The investigative outlet Bellingcat said it used flight manifests and phone records that can be obtained in Russia’s underground market of stolen personal data to trace the secret FSB team’s movements.
On Dec. 29, Samara investigators opened a criminal case into abuse of office against first lieutenant Kirill Chuprov, RBC cited unnamed sources familiar with the investigation and inside the police as saying. He is suspected of providing information from a classified database containing detailed travel information to a third party.
“Their FSB chemical-weapons experts’ names later appeared in the materials about Alexei Navalny’s poisoning,” RBC quoted one of the sources as saying.
A Russian police officer is under suspicion of leaking the travel data of security officers allegedly behind opposition leader Alexei Navalny’s poisoning, the RBC news website reported Tuesday.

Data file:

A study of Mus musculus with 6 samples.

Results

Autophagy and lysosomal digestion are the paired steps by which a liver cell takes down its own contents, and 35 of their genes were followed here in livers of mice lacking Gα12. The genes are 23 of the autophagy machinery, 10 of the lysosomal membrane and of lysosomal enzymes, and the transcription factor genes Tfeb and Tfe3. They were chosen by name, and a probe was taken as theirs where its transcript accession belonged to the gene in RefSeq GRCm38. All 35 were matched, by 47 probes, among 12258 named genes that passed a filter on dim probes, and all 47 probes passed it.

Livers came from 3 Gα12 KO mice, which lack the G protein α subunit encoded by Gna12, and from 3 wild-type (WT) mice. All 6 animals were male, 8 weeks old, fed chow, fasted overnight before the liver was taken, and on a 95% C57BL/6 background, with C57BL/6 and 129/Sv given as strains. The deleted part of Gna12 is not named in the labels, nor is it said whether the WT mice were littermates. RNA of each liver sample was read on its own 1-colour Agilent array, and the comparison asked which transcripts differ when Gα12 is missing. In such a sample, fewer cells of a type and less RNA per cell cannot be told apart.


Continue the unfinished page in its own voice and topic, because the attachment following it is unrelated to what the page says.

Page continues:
The arrest in the central city of Samara comes less than a month after a media investigation named several alleged Rusian Federal Security Service (FSB) chemical-weapons experts who had tailed Navalny for years before his poisoning with the Novichok nerve agent.
Chuprov was placed under house arrest on suspicion of abuse of office, RBC said, citing the Samara district police station’s press service. FSB officers from the central office in Moscow reportedly visited Samara on the eve of Chuprov’s arrest and the FSB’s Samara field office is overseeing the case.
Bellingcat’s lead investigator Christo Grozev has expressed concern over the safety of its sources in several interviews since the investigation.
Navalny, 44, was jailed for 30 days Monday after returning to Russia from Germany, where he has spent five months rehabilitating from what Western scientists said was Novichok poisoning.
The anti-Kremlin activist accuses President Vladimir Putin of ordering the Novichok assassination attempt. Russia says it will not open a criminal investigation until Germany provides medical analyses proving that Navalny was poisoned with Novichok.